Organizational change is a process aimed at introducing superior practices, behaviors, ideas, or processes in an attempt to drive performance. Leaders can embrace evidence-based measures to transform the cultures existing in their companies. This paper explains why it is easier to change the organizational culture of a young organization than that of an old, well-established company. It goes further to describe why the culture of a small organization is easier to change than that of a huge corporation.
Young vs. Well-Established Organization
The culture of an organization revolves around the values, practices, behaviors, principles, symbols, and norms the employees and stakeholders of a given company associate themselves with. These attributes take time to develop and become integral parts of a given organization. However, leaders have to change such cultural values whenever planning to improve performance or introduce superior attributes (Harris & Ogbonna 1998). The most outstanding fact is that a well-established and a young organization will record different experiences throughout the period.
The process should be simpler and easier for a young organization. This happens to be the case since the employees are not accustomed to specific procedures of doing things. The workers are also new in the organization and willing to embrace superior values and ideas that can deliver positive results. The level of resistance is usually low since the workers are unfamiliar with each other (Carlstrӧm & Ekman 2012).
In an old organization, employees embrace specific norms and values that are extremely hard to change. Some of the workers might have developed strong teams, thereby encouraging them to resist the proposed culture. A company that has been in operation for many years will have its unique symbols, vision, and mission. Revolutionizing such a culture will require more time and preparation. A powerful model for change is also essential if a given firm is to record positive results.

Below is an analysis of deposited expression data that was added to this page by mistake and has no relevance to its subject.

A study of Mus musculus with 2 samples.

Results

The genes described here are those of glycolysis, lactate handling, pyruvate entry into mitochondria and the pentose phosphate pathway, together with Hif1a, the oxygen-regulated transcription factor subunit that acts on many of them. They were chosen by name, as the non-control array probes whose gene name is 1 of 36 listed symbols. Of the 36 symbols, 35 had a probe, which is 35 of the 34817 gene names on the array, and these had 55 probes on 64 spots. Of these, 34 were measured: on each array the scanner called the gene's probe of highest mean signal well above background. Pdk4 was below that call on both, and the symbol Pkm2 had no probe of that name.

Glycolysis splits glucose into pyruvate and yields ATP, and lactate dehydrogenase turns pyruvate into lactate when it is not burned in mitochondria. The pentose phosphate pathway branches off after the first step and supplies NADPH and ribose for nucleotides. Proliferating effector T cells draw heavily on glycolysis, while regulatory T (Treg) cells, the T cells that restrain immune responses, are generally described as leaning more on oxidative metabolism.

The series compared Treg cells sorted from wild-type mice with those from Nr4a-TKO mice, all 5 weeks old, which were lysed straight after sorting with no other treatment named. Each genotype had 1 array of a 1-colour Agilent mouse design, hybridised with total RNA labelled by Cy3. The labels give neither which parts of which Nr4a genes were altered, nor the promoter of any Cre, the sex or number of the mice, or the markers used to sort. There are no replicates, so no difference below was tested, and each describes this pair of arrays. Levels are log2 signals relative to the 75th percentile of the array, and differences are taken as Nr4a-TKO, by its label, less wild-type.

Very Small vs. Huge Organization
The number of employees, assets, and customers served to determine the size of a given company. The leader of a small firm of around 12 workers will find it easier to change its organizational culture than the one managing a huge company of over 3,000 employees. Several reasons can be presented to support this assertion. The first one is that the high number of individuals means that numerous resources, ideas, and operations will be required if the intended cultural change is to be implemented successfully.
A big corporation will require several leaders to guide all the targeted employees throughout the change process. The level of resistance will also increase since more employees will be opposed to the change (Harris & Ogbonna 1998). Since the workers are from diverse backgrounds, it can be hard to meet their unique demands and expectations.
The opposite will be expected in a small organization. This is true because its leader will find it easier to guide a small number of employees throughout the process. The manager in charge will require minimal resources to achieve his or her goals. The level of resistance will reduce significantly since the manager will find it easier to address every individual’s needs (Moyce 2015). The leader will address emerging issues and conflicts in a timely manner, thereby changing the targeted culture within a short time.
Organizational change is a procedure that leaders should take seriously. Critical factors such as organizational size and age should inform the most appropriate initiatives and procedures that can deliver positive results. Managers of large or old organizations should address emerging challenges and consider appropriate change models if they are to implement culture change successfully.
Carlstrӧm, ED & Ekman, I 2012, ‘Organizational culture and change: implementing person-centered care’, Organizational Culture and Change, vol. 26, no. 2, pp. 175-191.
Harris, LC & Ogbonna, E 1998, ‘Employee responses to culture change efforts’, Human Resource Management Journal, vol. 8, no. 2, pp. 78-92.
Moyce, C 2015, ‘Culture change’, Management Services, vol. 59, no. 1, pp. 28-30.